On Saturday night, Lenny Williams delivered an entertaining, though extremely late set to a sharply dressed crowd of about 200. The New Golden Nugget on Fillmore Avenue played host to Williams, 60, who was lead singer for R&B group Tower of Power in the early 1970s. From 1974 through the present, Williams released about a dozen solo albums. In addition, younger audiences are familiar with Williams through Steve Harvey's immortalizing take on him in Spike Lee's "Kings of Comedy."
Early in his 55-minute set, which started at 12:10 a.m. -- Sunday, really -- he fittingly sang his 1978 song "Midnight Girl." In a sparkly pinstriped suit with a gold silk shirt and pocket square, Williams looked the part of soul statesman.
He next sang Hall and Oates' "Sarah Smile," which has become one of his performing standards. It perfectly suits his church-influenced voice.
Occasional microphone feedback did not stop Williams' wandering. As a performer used to working much larger venues, this cozy room was hardly a challenge.
Quick delivery of the 1973 Tower of Power hit "So Hard to Go" segued into William DeVaughn's 1974 song "Be Thankful for What You Got." Williams milked that song's universal affection by leading an extended a cappella version.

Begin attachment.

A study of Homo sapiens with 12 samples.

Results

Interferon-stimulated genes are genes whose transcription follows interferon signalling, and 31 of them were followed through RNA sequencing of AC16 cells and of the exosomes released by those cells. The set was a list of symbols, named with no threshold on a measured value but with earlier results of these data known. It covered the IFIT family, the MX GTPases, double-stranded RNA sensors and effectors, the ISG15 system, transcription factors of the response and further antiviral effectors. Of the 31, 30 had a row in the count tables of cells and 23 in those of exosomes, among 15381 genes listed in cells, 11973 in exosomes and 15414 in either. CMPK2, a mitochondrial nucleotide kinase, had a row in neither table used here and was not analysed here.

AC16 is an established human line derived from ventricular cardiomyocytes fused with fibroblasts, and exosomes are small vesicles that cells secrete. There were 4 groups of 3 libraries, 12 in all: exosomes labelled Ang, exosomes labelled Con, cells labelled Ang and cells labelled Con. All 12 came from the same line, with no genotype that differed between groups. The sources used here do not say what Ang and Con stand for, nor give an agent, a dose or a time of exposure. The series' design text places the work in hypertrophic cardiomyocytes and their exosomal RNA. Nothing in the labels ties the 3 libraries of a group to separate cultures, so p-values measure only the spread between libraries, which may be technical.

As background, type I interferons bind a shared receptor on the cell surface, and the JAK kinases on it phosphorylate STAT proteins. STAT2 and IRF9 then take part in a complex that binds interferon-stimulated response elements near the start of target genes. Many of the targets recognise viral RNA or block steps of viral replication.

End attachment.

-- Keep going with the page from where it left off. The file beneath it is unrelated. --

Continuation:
Williams' patter was decidedly blue. He acknowledged the music biz's proclivity for mind-altering, supposedly creativity-enhancing substances. He lustily complimented several women. Using his status as a love god a la Al Green, he flirted, playing "name that tune" and giving away copies of his new CD.
His standard blues medley goes from "Rock Me Baby" to "Night Time is the Right Time." Throughout the show, songs were kept short. Some audience members, many old-school fans, were grateful for this, considering the hour and their expectation of having been home by 11.
"Cause I Love You," with his full on, trademark passionate "oh, oh, ohs," is the one that makes the ladies swoon. He did it, the song they were waiting to hear.
Although showtime was called for 8 p.m., local band Skin Tight did not open until 8:45. The musically solid though sartorially mismatched four-piece outfit got things started with "Disco Inferno." They favored familiar songs.
Short Change, a four-piece instrumental combo, and FWB, a three-man singing group, played a combined set. The vocals, costumes and precision choreography were impressive. Their drum machine was not.